Thailand’s political instability is affecting its booming economy
From a country which embodied the Southeast Asian belief in political consensus and quiet elite deliberation, Thailand now has a culture of violence and confrontation not dissimilar to what is normally seen in Bangladesh.comment Updated: Dec 25, 2013 00:43 IST
After an all too brief lull thanks to the birthday of the king, Thailand has returned to mass demonstrations and political paralysis. It seems likely that Bangkok’s streets will remain a populist battlefield until the next general elections on February 2.
The change in Thailand’s political culture over the past decade or so has been striking. From a country which embodied the Southeast Asian belief in political consensus and quiet elite deliberation it now has a culture of violence and confrontation not dissimilar to what is normally seen in Bangladesh. But while Dhaka’s streets are slowly becoming less strewn with stones, Bangkok’s have got worse.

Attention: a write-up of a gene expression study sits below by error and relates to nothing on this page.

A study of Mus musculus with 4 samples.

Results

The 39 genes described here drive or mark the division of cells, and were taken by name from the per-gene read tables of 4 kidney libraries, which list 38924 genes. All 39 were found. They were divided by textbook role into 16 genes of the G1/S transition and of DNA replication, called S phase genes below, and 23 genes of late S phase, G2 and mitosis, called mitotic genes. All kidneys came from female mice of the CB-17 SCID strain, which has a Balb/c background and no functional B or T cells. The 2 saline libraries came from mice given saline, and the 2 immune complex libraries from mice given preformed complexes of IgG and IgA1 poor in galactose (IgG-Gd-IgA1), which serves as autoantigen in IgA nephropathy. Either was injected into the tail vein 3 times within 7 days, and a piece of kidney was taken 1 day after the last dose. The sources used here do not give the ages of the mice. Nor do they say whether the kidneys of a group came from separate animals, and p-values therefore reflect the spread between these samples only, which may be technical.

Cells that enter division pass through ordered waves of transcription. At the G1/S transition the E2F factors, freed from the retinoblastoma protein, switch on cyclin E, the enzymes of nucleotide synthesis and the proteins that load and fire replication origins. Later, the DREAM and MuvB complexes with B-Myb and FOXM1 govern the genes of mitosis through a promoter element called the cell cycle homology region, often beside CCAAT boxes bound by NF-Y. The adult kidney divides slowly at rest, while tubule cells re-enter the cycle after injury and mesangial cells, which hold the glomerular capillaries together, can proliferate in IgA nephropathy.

Thailand’s politics reflects what its leadership has long pretended did not exist: severe economic and cultural differences between its western half and a dominant coastal elite. There is an irony that this division should have manifested itself in the political rise of a Thai-Chinese, the now exiled ex-prime minister Thaksin Shinawatra.
The refusal of the Thai ancient regime to accept that there is an alternative centre of political power and that democracy is the best means to manage this new state of affairs undergirds much of what ails Thailand today. Shinawatra has not helped matters with his poorly conceived attempts to exploit his popularity and end his exile. The attempt of his sister and proxy prime minister, Yingluck, to pass an amnesty Bill as a blatant favour for her brother being just the latest such move.
In the absence of a democratic consensus in Thailand on how the country’s polity should function, the only unifying symbol is the ailing King Bhumibol Adulyadej. Unfortunately, the next generation in the royal family does not inspire confidence. The political instability is also affecting the country’s once booming economy. Thailand needs to evolve a democratic culture. It is not an instinctively confrontational or severely fractured society. However, the lack of any clear political leader with a larger vision and political skills to match does not bode well.